Idol‘s uncertain future and Clarkson’s rock-solid career (it’s all-but-assured to last a lifetime, unlike Idol) are in stark contrast these days. But that’s nothing new for the seesawing relationship between Idol and its stars.
From bona fide A-listers to dead-on-arrival artists, the 13 winners of American Idol are a remarkably varied bunch in terms of success.
In the graphic above (right-click it to view full-size in a new window), we’ve rounded up every album from Idol‘s 13 champs (including Christmas albums but not including indie albums released prior to their Idol stints) and bunched them together according to their performance on the Billboard 200.
The oldest release on this list is Clarkson’s No. 1 album Thankful and the most recent is her new No. 1 album Piece by Piece. While Clarkson’s releases have yet to dip beneath the No. 3 spot, the chart positions for her immediate successor, Ruben Studdard, are far more representative of a typical Idol victor.
Idol‘s season 2 champ reached No. 1 in 2003 with his debut album, Soulful. His next album, I Need an Angel, dropped to No. 20, and while he regained steam for The Return at No. 8, his next release — Love Is — peaked at No. 36. After that, Letters From Birmingham scraped by at No. 73, but Unconditional Love saw a slight return at No. 46.
Kris Allen‘s album sales have followed a similar sales-drop pattern. The season 8 winner’s self-titled album hit No. 11, while 2012’s Thank You Camellia peaked at No. 26. His latest, 2014’s Horizons, reached an inauspicious No. 80. In fact, his last big look was a starring role in a Ford commercial.
While the slow slide into niche territory seems typical of several Idol winners, it’s hardly the dominant narrative. Season 6 winner Jordin Sparks debuted at No. 10 with her 2007 self-titled bow and actually rose to No. 7 on her 2009 follow-up Battlefield. Fantasia Barrino, season 3 champ, also saw her chart positions improve over time: Her first album peaked at No. 8, and while her second LP dipped to No. 19, her third and fourth efforts both reached No. 2.
One lesson you can take from all this: While Idol‘s ratings may be a in a clear downward spiral over time, the rollercoaster success of its annual victors — and their continuing careers — hasn’t mirrored that.
Take, for example, Taylor Hicks, who won Idol during its glory years. He went from a No. 2-peaking first album to a No. 58-peaking second album, followed by… well, nothing much since then.
On the other hand, within the last four seasons, Idol has given the gift of chart life to half its winners despite the TV-ratings slide. Phillip Phillips‘ two albums debuted in the top 10, and he scored a genuine Billboard Hot 100 hit with his No. 6-peaking single “Home.”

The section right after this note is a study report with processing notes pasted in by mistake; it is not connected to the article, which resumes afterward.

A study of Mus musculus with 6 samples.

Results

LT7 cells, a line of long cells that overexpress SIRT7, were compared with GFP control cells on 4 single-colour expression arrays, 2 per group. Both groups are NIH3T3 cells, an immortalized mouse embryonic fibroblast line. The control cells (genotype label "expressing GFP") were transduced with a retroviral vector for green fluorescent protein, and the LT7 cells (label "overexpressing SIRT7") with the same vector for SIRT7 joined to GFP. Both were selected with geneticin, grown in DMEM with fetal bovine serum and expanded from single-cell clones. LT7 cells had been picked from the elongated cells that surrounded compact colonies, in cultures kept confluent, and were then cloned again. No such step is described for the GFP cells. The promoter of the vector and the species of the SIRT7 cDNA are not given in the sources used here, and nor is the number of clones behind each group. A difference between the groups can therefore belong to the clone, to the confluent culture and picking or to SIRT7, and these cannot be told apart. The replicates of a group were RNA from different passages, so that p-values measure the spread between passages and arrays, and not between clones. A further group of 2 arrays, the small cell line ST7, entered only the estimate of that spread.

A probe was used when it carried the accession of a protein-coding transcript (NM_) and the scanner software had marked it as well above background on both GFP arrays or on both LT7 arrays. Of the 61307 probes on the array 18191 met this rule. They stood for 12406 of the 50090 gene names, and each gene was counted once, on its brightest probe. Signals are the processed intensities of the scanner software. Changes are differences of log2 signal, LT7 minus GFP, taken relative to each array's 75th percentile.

Similarly successful is season 10 winner Scotty McCreery. He hit No. 1 with his 2011 debut album, Clear as Day, and his two follow-up efforts both debuted in the top 10. Furthermore, the deep-voiced country crooner brought four of his five official singles to the top 20 on the Hot Country Songs chart. And given the loyalty of country music listeners, he’s likely to enjoy similar success on upcoming releases.
Speaking of country, that brings us to Idol’s overall best-selling winner in America, Carrie Underwood. After debuting at No. 2 with Some Hearts after her season 4 victory, Underwood’s next four albums have occupied the No. 1 slot. Plus, she’s brought a whopping 14 singles to the No. 1 spot on Hot Country Songs. Despite a tepid reception to her Sound of Music Live performance, she’s still on top.
Of course, Queen Carrie’s future is on better footing than the last two Idol winners. Both Candice Glover (season 12) and Caleb Johnson (season 13) released albums in 2014, but neither cracked the top 10 on the Billboard 200 (Glover reached No. 14 with Music Speaks; Johnson hit No. 24 with Testify).
If 2015 is looking uncertain for Idol‘s most recent winners, they’re not the only ones. Despite its strong start, David Cook‘s career is similarly shaky. While his 2008 and 2011 albums reached the top 10, the season 7 winner parted ways with RCA in 2012 — and we’ve yet to see a third Cook album since then.
As for the unenviable honor of Worst-Charting Album From an American Idol Winner, Lee DeWyze nabs that crown. The season 9 victor reached No. 19 in 2010 with his post-Idol debut album Live It Up, but his 2013 follow-up fared far worst: Frames peaked at No. 116.
On the plus side, DeWyze’s “Blackbird Song” got some viral love in 2014 thanks to its inclusion in The Walking Dead. So perhaps like many reality show winners, the best future for certain Idol champions lies back on TV — whether that means starring in commercials, soundtracking popular shows or taking on hosting gigs of their own.